Last season, Detroit Red Wings fans endured a long, injury-plagued season that saw the team nearly become the Grand Rapids Griffins while star players including Henrik Zetterberg and Pavel Datsyuk watched from the press box.
Things could have been worse though because Detroit wasn’t just calling up players to fill roster holes, they were calling up a team that had just won its first Calder Cup the year prior.
A Calder Cup brought to the city by names including rookie goaltender Petr Mrazek, rookie defenseman Danny Dekeyser, Riley Sheahan, Tomas Jurco, Tomas Tatar and new fan-favorite Gustav Nyquist.
Nyquist, who lead the NHL in goals from January 20th to the end of the regular season last year, hasn’t slowed down much this year. He still captivates the fans with highlight reel goals and his elite speed and hockey sense.
However, the Wings haven’t had to live or die by Nyquist this year, the supporting cast is still doing their part and that’s a large reason why the Wings have been so successful in their second year of the Eastern Conference.
Though all eyes seem to be on the Goose each game, teammate Tomas Tatar has posted nearly identical stats to Hockeytown’s newest Swede. To date, each player has 15 goals and 25 points in 38 games this year and have been a vital part to the team’s success both on and off the powerplay.
But Tatar, who won TSN’s Play of the Year last season, has been skating in the shadow of Nyquist since the cap allowed the organization to call up Nyquist last season. The 24-year-old Slovakian winger has managed to stay on par with Nyquist all while he averages nearly two minutes less of ice time and hasn’t been given the same opportunity of playing alongside established names like Henrik Zetterberg or Johan Franzen.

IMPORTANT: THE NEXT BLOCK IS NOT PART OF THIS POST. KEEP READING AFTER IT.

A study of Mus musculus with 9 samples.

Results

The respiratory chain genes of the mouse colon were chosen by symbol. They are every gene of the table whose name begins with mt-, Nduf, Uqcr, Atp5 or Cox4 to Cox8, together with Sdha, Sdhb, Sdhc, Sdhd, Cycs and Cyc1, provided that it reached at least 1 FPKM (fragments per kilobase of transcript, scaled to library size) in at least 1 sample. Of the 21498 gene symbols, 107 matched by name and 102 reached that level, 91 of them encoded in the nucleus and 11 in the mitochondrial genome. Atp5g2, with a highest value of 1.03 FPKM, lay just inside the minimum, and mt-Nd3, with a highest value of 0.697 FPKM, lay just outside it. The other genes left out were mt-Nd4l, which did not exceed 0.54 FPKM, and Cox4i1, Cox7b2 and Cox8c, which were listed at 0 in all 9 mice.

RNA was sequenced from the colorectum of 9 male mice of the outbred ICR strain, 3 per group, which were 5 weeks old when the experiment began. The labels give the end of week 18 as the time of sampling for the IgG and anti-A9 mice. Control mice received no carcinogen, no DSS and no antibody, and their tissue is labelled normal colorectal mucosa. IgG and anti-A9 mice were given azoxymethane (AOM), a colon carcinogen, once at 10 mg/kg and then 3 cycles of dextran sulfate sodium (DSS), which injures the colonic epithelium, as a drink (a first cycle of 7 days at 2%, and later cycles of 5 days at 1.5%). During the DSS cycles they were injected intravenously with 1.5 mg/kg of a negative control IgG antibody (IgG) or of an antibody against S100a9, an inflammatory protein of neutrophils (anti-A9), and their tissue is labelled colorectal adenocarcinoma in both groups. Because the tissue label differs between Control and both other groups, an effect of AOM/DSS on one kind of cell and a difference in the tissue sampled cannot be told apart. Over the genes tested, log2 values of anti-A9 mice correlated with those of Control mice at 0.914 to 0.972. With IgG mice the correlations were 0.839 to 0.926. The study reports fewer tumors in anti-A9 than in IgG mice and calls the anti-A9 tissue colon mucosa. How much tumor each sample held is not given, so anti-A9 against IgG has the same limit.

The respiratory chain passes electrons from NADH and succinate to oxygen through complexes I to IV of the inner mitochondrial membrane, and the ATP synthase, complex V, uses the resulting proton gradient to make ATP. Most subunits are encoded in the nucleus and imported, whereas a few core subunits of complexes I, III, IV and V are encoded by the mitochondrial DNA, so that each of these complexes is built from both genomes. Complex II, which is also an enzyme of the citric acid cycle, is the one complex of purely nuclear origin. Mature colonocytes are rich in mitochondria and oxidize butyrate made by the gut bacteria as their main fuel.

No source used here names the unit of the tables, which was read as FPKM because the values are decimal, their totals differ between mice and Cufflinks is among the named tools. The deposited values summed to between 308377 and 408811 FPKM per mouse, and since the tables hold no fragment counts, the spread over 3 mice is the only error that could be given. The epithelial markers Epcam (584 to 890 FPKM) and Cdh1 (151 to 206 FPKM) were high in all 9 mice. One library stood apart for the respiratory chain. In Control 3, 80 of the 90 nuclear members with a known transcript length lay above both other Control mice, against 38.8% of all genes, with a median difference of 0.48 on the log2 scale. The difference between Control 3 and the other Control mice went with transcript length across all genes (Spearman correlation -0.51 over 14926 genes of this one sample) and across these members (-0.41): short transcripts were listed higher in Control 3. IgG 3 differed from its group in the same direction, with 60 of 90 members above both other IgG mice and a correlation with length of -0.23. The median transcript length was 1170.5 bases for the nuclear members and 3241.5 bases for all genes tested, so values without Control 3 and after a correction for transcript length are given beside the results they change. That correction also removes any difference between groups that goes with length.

This year, the NHL has been swarming with analytics talk and has been tagging percentages to every players name using words like Corsi, Fenwick, and other fan-confusing percentages and attempts at explaining a players success (or lack thereof).
While Nyquist leads the NHL’s top powerplay in points and shooting percentage, Tatar has been the better 5 on 5 player so far. During 5 on 5 play, Tatar has more shots, more goals, more points, better plus/minus and a better shooting percentage than Nyquist. For Detroit, this is a good thing, every team spends time on and off the powerplay, and scoring in each situation is important to a teams success. But even though Tatar drives the Wings at even strength, Nyquist makes teams pay for their penalties and drives a powerplay that is scorching hot.
Nyquist still has his perks at even strength, however, controlling the puck for nearly 30-straight seconds of overtime against Ottawa on December 27th, before tallying his 15th goal of the year.
Both players are taking their own paths to success at the games highest level and Wings fans know the youth movement is a sign of things to come in Detroit.
I offer opinions and insight on the Detroit Red Wings organization and its prospects.